Whether Nepal was ruled by a monarchy-military dictatorship, an elected coalition or a communist regime, its leaders have often tried and ultimately failed to suppress the press.
After the royal-military coup of 1 February 2005, the Royal Nepal Army invaded newsrooms. At Nepali Times, two soldiers in military fatigues peered at the monitor, forcing the designer to expunge columns and cartoons. Kathmandu-based papers, including this one, went to press with white holes — so readers got the message that the edition had been censored. We wrote metaphorical editorials comparing democracy to trees, and played cat-and-mouse with the authorities.
Radio stations were told to broadcast only music, no news or current affairs. Some news readers got so fed up they started singing the news, broadcasting bulletins in duets. In the districts, radio stations were closed down, journalists jailed, some tortured and forced into solitary confinement for a year.
After the ceasefire and the 2008 elections, in which the Maoist party won a landslide, many breathed a sigh of relief. The war was over, and it looked like our freedoms had been restored. We were mistaken. The ruling Communists retaliated against critical content in the media throughout 2008-9 by burning newspaper distribution vans, instigating militant unions or vandalising and assaulting journalists in their newsrooms.
Ever since the united Nepal Communist Party came to power, it has been taking incremental steps to gag the media. Not with a sudden, swift crackdown but softly, in instalments. Like frogs in a pot of water above a fire, we are not supposed to notice that the water is starting to boil until it is too late. Just a short recap:
- In August 2018, Nepal’s new Penal Code criminalised photography (Section 295), slapped on heavy fines and jail terms for recording conversations (Section 293) and announced strict punishment for sending, receiving or using online data (Section 298). It banned ridiculing of government officials by Photoshop-ing their images.
- A bill in Parliament sought to prohibit journalists from publishing personal information of public officials, ostensibly to protect their privacy.
- Editors were summoned to the Press Council for intimidating interrogations.
- Three journalists in the English language service of the state news agency RSS are being investigated for putting out a story that the Dalai Lama was out of hospital in New Delhi. Their crime: transmitting the item while President Bidya Devi Bhandari was on a visit to Beijing.
- Last week, the Ministry of Communication and Information Technology slipped a draconian Media Council Bill into Parliament with excessive secrecy. It stipulates hefty fines on journalists.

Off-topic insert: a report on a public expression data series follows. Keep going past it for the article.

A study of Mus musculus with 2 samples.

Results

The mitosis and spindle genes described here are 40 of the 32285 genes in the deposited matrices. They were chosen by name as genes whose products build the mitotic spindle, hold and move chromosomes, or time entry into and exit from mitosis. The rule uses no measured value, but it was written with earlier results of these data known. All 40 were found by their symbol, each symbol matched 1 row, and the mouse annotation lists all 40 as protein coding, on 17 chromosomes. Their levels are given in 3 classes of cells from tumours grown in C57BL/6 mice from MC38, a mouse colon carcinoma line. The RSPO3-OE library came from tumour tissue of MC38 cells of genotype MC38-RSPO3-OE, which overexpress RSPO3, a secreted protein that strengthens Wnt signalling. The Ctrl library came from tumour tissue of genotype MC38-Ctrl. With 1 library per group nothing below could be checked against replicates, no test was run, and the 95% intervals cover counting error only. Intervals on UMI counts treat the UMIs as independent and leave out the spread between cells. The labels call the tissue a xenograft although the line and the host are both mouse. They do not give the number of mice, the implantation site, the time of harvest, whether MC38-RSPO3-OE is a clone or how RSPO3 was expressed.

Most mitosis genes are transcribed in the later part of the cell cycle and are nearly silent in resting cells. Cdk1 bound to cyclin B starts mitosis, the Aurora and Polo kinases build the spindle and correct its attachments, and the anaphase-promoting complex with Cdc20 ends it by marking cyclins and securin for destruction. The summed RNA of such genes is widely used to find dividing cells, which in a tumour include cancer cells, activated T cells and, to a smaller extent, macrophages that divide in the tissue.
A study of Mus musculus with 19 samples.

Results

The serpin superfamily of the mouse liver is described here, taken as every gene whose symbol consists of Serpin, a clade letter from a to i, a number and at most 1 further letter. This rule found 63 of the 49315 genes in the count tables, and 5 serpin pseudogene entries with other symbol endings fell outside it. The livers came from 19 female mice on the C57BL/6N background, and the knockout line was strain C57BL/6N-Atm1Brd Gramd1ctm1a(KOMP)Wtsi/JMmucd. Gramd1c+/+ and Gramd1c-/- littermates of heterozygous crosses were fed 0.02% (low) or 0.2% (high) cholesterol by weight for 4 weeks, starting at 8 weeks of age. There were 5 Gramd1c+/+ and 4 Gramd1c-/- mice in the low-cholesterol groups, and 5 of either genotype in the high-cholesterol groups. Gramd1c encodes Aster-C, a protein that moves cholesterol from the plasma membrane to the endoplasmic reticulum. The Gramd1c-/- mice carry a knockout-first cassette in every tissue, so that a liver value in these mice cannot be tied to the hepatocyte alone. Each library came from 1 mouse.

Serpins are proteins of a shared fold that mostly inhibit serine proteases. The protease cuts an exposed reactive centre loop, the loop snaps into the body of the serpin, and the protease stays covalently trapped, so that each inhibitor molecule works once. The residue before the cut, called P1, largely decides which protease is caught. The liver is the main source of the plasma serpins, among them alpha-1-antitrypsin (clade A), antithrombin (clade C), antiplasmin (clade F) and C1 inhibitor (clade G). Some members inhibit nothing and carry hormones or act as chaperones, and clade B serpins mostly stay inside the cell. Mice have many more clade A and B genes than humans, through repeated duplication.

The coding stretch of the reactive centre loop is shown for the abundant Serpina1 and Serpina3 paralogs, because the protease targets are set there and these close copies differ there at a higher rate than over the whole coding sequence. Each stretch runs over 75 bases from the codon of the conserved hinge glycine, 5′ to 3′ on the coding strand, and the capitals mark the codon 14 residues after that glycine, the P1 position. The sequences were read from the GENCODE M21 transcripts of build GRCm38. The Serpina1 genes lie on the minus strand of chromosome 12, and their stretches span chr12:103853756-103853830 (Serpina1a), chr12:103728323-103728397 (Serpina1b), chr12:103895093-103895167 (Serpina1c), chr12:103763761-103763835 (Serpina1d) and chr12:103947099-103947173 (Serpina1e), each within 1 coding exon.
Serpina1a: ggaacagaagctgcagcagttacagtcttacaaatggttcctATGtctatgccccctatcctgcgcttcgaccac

Taken together, this is a creeping coup. Nepal seems to be following the roadmap of elected despots worldwide who are cracking down on the free press. Our leaders appear to have got hold of the manual from the one-party states they have been visiting of late.
The Media Council Bill was introduced in Parliament last week without stakeholder consultation as is customary, and smacks of ill intention. Members of the Council can now be appointed or sacked at will by the Ministry of Communication. Publishers, editors or reporters can be fined up to Rs1 million for tarnishing someone’s reputation.
To be sure, sections of Nepal’s media can also be faulted for yellow journalism, character assassination, extortion, corruption and politically-sponsored content. The media cannot be an island of integrity when the nation is afflicted by a pandemic of graft. Members of the media-industrial complex have at times behaved like power brokers.
Respondents in a recent nationwide public opinion poll gave low marks to the media: 57% said they did not trust journalists much. The outrage over a live studio interview during which Deputy Prime Minister Upendra Yadav walked out on the anchor showed that the public sees journalists as getting too big for their boots.
One reason the media could have fallen in the public’s esteem is that most citizens do not make a distinction between the mainstream press and unfiltered content on social media. But the government cannot use this as an excuse to gag the media. Press freedom is a vital part of the check and balance in a democracy, and the Communist government must realise that one day when it is back in the opposition it will need the very press that it is trying to undermine now.
But if it goes ahead and passes the Media Council Bill, this may be the last time we will be free to say in this space why it goes against the letter and spirit of our Constitution.